Mental & Emotional Health
Resilience May Be Overrated
Natural resilience – the ability to bounce back from major life stressors – may not be as common or as easy as once thought, according to new research from Arizona State University.
The study questions prior claims that resilience is the “usual” response to major life stressors by looking at longitudinal data in a more nuanced way and making less generalization about the human response to such dramatic events.
A paper detailing the research, “Resilience to major life stressors is not as common as thought,” is published in the current issue of Perspectives on Psychological Science.
“We show that contrary to an extensive body of research, when individuals are confronted with major life stressors, such as spousal loss, divorce or unemployment, they are likely to show substantial declines in well-being and these declines can linger for several years,” said Frank Infurna, an ASU assistant professor of psychology and co-author of the new study.
“Previous research largely claimed that individuals are typically resilient to major life stressors,” he said. “Whereas when we test these assumptions more thoroughly, we find that most individuals are deeply affected and it can take several years for them to recover and get back to previous levels of functioning.”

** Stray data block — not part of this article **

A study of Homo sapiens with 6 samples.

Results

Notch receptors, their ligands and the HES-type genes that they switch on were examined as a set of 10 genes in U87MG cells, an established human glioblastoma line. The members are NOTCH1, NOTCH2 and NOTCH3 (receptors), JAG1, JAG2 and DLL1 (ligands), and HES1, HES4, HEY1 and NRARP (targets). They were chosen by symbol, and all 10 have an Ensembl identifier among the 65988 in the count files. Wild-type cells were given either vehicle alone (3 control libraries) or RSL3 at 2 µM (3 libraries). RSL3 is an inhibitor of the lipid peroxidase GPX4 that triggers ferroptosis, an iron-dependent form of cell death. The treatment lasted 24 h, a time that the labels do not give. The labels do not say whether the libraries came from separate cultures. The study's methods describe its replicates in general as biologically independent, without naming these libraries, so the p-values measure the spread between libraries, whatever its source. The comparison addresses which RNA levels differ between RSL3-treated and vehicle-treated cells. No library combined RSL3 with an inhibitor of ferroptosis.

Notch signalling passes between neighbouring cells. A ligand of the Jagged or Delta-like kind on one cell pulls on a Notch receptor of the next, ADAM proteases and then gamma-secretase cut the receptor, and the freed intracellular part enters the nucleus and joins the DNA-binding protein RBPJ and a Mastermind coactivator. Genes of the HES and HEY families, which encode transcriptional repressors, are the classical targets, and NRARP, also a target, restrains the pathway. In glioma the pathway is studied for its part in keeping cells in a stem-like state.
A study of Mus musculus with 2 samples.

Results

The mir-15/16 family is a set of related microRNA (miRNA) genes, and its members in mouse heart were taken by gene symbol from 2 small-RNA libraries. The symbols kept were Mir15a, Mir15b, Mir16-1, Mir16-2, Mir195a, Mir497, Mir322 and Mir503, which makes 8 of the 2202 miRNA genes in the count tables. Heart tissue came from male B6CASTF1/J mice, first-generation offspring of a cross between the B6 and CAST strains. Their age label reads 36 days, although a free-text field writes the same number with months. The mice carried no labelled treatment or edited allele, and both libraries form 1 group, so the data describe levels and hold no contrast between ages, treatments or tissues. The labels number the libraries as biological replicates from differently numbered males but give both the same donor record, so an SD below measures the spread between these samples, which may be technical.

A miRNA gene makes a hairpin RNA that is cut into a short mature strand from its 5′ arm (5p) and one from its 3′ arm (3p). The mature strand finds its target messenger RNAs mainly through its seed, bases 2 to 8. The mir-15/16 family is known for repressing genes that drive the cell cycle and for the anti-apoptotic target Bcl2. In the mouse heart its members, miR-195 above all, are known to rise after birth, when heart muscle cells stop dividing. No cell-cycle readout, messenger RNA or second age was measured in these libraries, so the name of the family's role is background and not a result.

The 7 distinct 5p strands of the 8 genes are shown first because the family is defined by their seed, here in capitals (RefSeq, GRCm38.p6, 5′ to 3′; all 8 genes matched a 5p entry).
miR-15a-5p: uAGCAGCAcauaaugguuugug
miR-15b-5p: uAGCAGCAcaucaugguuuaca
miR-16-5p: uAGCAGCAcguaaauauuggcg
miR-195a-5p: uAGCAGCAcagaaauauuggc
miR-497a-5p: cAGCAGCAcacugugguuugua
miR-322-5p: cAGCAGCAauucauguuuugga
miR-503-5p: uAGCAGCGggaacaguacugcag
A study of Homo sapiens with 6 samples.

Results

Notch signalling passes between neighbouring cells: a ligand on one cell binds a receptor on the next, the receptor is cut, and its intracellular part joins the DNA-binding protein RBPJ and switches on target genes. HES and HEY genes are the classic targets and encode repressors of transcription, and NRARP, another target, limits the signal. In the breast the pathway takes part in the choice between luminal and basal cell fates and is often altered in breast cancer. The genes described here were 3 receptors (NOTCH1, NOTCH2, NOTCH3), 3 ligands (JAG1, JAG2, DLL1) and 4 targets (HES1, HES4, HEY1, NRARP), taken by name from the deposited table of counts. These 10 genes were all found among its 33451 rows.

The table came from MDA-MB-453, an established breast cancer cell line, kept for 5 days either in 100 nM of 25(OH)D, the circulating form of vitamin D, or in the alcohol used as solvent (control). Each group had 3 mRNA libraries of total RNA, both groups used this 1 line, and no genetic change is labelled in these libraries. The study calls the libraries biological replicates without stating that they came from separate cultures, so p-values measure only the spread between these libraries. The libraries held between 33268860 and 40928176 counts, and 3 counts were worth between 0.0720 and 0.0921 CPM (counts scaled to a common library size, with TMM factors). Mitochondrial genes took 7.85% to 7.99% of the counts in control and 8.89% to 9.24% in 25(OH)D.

Infurna and co-author Suniya Luthar, an ASU Foundation Professor in psychology, were seeking to replicate prior work that showed among adults, resilience — which is described as stable, healthy levels of well-being and the absence of negative outcomes during or following potentially harmful circumstances — is the prototypical trajectory after potentially traumatic events.
Previous work by others in the field involving people going through traumas ranging from bereavement and deployment in military service to spinal-cord injury and natural disasters had reported that resilience is the most common response following significant negative life events.
“Our findings go against the grain and show there can be more to the picture than that,” Infurna said. “It may not be the case that most people are unperturbed and doing fine.”
Infurna and Luthar used existing longitudinal data from Germany (the German socioeconomic panel study), which is an ongoing survey that began in 1984 and annually assesses participants over a wide range of measures. The outcome that they focused on was life satisfaction, which assesses how satisfied individuals are with their lives, all things considered, as they pass through years of their lives.
Essentially, Infurna and Luthar documented that “rates of resilience” vary substantially based on assumptions applied while running the statistical models.
They explain that in essence, the question that was addressed in previous studies was not, “How many people are resilient?” But instead, “Assuming A and B, how many people are resilient?”
And what were the A and B assumptions applied in previous studies?